Inconvenient! Public toilet closures to go ahead
Published on: 19 Dec 2017
BRISTOL City Council has agreed plans to make £400,000 of savings by cutting the provision of public toilets on streets and in parks across the city, writes Keri Beckingham.
As part of the Your Neighbourhoods Consultation, three options were proposed for how toilets could be run in the future. Just over half of those who responded were in favour of closing all 18 of the street toilets and setting up a new Community Toilet Scheme, which was the recommendation that was put to the Cabinet at the meeting on December 4.
Under the scheme, local businesses and the voluntary sector will be encouraged to open up access to at least 36 alternative facilities across Bristol, free of charge, with the aim of making sure that at least 70 per cent of the provision would be wheelchair accessible.
However, concerns have been raised about how the cuts will affect particular members of the community, such as the elderly, the homeless, parents with young children, people with dementia and the disabled.
At the meeting, Deputy Mayor, Councillor Asher Craig addressed concerns that had been raised as part of the consultation, saying: “Access to publicly available toilets is important, but the current sites are not fit for purpose.
“The aim is that by the time toilets close, there will be a working network in place, and the recommendations is to double the amount of publicly available toilet sites and ensure that they are spread across the city.”
Within our area, toilets at the top of Whiteladies Road and on the Downs are affected. Speaking of the closures and the impact that they may have on the local community, Councillor Martin Fodor said: “We’ve already lost those displaced by the Bristol North Baths redevelopment, as the temporary ones in Sommerville Road have closed to make way for the old police station to be redeveloped, and the new block is no longer going to be fitted out and opened due to budget cuts.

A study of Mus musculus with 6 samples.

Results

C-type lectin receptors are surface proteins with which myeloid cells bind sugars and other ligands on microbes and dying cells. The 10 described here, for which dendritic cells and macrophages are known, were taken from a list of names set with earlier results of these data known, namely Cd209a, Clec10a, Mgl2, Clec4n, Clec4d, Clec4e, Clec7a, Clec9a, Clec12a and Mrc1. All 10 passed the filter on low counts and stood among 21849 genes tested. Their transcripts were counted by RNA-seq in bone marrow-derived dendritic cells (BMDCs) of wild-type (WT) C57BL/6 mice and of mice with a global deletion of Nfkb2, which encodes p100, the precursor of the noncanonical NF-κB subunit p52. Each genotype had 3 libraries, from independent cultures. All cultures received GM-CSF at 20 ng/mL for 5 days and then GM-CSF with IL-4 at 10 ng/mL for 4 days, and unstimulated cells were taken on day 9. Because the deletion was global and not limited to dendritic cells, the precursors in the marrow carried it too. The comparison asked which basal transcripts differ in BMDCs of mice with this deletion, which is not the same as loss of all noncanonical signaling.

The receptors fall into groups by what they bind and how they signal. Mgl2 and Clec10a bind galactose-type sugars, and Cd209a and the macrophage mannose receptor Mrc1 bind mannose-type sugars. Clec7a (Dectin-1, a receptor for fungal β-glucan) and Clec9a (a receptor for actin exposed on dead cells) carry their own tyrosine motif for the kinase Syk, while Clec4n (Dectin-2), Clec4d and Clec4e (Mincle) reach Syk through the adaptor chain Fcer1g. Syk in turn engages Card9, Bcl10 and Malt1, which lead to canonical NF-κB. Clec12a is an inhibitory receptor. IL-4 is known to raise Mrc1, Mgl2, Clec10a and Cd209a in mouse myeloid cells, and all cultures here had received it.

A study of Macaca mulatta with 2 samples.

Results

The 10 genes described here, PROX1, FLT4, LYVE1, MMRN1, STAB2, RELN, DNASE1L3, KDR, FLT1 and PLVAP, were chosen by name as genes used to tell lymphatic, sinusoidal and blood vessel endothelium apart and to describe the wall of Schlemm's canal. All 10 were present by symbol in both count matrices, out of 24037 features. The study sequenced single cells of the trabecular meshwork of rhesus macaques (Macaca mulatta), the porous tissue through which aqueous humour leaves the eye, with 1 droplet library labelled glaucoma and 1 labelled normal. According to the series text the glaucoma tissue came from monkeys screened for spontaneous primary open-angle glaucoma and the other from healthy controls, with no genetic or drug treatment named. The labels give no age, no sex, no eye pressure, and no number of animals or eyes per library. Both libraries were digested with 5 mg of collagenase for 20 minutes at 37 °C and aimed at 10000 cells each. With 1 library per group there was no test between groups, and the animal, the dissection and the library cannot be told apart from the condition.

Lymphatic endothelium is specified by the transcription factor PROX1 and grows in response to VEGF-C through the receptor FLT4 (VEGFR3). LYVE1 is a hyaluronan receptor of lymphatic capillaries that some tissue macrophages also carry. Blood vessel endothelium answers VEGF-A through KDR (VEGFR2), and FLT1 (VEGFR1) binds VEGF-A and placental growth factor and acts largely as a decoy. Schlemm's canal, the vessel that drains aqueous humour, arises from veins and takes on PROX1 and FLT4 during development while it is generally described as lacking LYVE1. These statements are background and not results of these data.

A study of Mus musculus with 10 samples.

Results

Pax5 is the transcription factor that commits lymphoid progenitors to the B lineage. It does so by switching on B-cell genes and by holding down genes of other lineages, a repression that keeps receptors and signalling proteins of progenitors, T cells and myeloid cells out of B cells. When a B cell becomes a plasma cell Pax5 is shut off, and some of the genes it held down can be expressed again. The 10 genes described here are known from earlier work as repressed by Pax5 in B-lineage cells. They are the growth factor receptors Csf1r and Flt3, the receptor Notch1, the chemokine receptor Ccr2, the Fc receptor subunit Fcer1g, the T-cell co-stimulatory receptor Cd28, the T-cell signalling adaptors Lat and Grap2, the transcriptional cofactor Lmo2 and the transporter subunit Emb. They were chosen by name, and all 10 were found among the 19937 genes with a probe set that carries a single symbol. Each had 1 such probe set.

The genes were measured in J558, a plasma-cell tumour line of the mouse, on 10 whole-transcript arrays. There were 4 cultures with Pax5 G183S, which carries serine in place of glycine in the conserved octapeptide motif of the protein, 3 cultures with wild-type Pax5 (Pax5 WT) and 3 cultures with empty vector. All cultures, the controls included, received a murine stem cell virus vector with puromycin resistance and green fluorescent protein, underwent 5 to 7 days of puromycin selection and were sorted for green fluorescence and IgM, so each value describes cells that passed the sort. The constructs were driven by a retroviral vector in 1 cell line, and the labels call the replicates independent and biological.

“While the council are confident that the ‘business and community’ scheme of permitting people to use other toilets will increase supply, this does not mean that fully accessible toilets will be widely available, despite many possible toilets in our main shopping areas or pubs.
“The key message from users is that for many people they do have to know before they plan a trip out and set off from home that there will be access to toilets when they are out. Maps and good information and regular updating will be essential.
“This is another casualty of the cuts being implemented and it’s going to hit some people quite hard by restricting their lives. If traders are not happy with the number of users coming in to their facilities or any extra costs then there’s no promise they will be offered.”
The council now plans to work with Bristol Ageing Better to produce a paper based map, so that people will be able to plan their trips in Bristol with toilet access in mind. There will also be an online version of the map and prominent signage to highlight the toilets involved in the scheme. Recruitment of businesses to take part in the scheme will also begin straight away and where council toilets are closing, the aim is to signpost people to a nearby facility before closure so there is no gap in provision.
The council is also working closely with Crohns and Colitis UK to ensure that its members are aware of the proposed new locations, and to raise awareness of the needs of people in the city living with Crohns and Colitis.
They will also continue to work with St Mungo’s to develop an appropriate solution for homeless people.